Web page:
UTSA architecture students explore architecture for community health
By James Benavides
Public Affairs Specialist
(Nov. 29, 2007)--Five UTSA Architecture students recently had an opportunity to design a community healthcare facility in a span of 48-hours. The challenge was part of the 2007 Healthcare Design Conference held in Dallas and co-sponsored by the American Institute of Architects Academy of Architecture for Health and the Center for Health Design.
"The design of healthcare and healthy environments will take on greater importance in the next couple of decades due to an aging population and increasing stresses on our natural and built environments," said Gayle Nicoll, UTSA associate professor of architecture.
Nicoll, who is developing a UTSA certificate program in healthcare and wellness design, served as an advisor to UTSA's five-person team including seniors Lucia Terrazas and Dean Wiederstein and graduate students Samira Ahmadi, Rebekah Negrete and Miguel Saldaa.
The conference's Student Design Charrette, sponsored by the AIA Academy of Architecture for Health and the STERIS Corporation, a medical supplier who funded the College of Architecture team with a $5,000 grant, created an opportunity for the students to conceptualize a clinical setting that impacted the health of individuals, the community and the ecosystem.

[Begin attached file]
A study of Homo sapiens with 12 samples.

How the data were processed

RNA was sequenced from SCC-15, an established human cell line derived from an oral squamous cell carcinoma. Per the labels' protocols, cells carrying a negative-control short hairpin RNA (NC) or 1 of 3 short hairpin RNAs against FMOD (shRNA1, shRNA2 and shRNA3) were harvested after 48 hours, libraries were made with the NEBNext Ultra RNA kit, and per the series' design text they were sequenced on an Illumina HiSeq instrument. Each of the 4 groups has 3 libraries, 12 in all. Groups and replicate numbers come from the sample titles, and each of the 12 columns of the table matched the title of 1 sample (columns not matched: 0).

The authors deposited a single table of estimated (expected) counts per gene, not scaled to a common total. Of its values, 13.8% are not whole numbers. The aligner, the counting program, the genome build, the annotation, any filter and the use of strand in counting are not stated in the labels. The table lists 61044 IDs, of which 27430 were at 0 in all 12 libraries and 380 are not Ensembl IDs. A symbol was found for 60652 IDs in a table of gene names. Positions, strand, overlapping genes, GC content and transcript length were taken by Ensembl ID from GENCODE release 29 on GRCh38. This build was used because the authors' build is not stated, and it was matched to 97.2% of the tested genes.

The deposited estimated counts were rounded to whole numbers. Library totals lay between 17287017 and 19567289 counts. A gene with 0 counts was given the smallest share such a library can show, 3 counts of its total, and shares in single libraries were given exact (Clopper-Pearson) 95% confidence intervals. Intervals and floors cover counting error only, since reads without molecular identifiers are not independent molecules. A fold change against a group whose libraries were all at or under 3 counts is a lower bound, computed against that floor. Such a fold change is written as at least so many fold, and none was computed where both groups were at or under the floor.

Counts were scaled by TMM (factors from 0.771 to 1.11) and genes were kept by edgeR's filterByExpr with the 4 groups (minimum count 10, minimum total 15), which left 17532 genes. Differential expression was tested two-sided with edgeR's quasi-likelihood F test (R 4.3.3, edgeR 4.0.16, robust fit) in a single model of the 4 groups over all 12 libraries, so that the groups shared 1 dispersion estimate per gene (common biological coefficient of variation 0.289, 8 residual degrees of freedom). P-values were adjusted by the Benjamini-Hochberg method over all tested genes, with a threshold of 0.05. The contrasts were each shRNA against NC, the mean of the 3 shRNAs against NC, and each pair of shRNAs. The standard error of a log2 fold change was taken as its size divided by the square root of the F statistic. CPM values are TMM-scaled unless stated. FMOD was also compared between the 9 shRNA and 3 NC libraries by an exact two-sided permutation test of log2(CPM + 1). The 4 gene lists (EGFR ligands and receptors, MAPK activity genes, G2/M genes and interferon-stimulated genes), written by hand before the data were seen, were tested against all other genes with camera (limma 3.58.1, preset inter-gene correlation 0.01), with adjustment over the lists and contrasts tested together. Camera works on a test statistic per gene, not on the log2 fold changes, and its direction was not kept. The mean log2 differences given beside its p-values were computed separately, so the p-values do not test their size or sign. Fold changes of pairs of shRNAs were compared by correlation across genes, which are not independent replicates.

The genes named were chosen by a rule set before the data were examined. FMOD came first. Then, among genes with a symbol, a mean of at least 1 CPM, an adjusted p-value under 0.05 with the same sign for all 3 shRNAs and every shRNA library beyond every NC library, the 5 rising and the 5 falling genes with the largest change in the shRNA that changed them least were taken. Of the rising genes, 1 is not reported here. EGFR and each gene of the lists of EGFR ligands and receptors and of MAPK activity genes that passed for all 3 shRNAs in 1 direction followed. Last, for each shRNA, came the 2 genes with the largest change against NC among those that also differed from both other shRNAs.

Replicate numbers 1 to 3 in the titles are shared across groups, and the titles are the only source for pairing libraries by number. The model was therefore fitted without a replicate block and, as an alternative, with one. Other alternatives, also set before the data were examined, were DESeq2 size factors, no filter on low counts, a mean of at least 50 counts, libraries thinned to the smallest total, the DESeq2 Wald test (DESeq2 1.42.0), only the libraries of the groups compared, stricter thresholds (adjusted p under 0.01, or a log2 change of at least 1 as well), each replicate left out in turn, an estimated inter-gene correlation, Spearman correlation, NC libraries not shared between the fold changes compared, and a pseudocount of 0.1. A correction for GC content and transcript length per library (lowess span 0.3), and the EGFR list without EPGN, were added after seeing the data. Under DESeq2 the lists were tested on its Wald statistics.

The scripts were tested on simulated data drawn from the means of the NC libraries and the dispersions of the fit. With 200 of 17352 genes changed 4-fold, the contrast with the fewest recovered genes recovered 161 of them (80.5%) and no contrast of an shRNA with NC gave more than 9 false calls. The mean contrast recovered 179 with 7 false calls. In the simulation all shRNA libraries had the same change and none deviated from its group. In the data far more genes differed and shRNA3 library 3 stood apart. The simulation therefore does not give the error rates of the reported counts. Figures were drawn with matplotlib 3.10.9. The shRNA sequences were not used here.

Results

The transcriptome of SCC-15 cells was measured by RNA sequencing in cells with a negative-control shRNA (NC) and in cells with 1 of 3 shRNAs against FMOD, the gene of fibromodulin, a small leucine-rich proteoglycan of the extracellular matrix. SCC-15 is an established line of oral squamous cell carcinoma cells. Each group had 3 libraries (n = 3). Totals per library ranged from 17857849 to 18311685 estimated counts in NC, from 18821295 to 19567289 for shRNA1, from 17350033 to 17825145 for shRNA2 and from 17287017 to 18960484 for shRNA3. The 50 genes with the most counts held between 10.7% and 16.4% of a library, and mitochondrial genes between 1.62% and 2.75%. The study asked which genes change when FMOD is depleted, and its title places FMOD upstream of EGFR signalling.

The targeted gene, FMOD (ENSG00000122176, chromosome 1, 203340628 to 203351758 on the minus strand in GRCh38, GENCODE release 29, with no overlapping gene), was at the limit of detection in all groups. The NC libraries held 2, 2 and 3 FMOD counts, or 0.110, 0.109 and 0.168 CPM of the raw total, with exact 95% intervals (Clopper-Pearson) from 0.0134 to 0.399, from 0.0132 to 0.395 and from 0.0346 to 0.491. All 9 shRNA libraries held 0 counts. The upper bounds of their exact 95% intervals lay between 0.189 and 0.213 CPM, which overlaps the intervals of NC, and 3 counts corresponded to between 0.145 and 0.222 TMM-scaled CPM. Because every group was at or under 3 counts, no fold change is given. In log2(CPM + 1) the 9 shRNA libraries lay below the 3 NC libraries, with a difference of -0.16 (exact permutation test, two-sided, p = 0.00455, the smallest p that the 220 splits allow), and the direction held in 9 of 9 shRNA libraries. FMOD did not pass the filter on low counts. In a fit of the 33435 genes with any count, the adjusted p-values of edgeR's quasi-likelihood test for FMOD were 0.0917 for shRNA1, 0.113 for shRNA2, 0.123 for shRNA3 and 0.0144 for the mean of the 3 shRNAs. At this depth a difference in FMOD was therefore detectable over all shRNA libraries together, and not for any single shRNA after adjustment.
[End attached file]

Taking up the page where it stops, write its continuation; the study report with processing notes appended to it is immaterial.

There was no ranking or reward in the process. Rather than spur competition, the AIA academy and STERIS intended to stimulate creative inquiry, innovative ideas and interaction between students, faculty and design professionals.
In their overview of the design charrette, The AIA academy and STERIS acknowledged that in order to advance the broader healthcare needs of the community, healthcare architecture must rise above the old concept of a medical clinic. To gain perspective on innovations in architecture for healthcare, the students visited the new Parkland Health and Hospital Systems Community Clinic in Irving and toured the offices of experienced healthcare design firm RTKL Architects in downtown Dallas.
Implementing their new knowledge and experience, the UTSA team designed a campus that combined the features of a primary care facility with community health promotion capabilities including a nature trail for fitness needs and staging areas for community health functions such as vaccination drives or disaster relief efforts.
"The UTSA students developed an appealing conceptual design for a facility that integrated two important but often disconnected aspects of a healthy environment," said Nicoll, "access to community-level healthcare and health promotion facilities."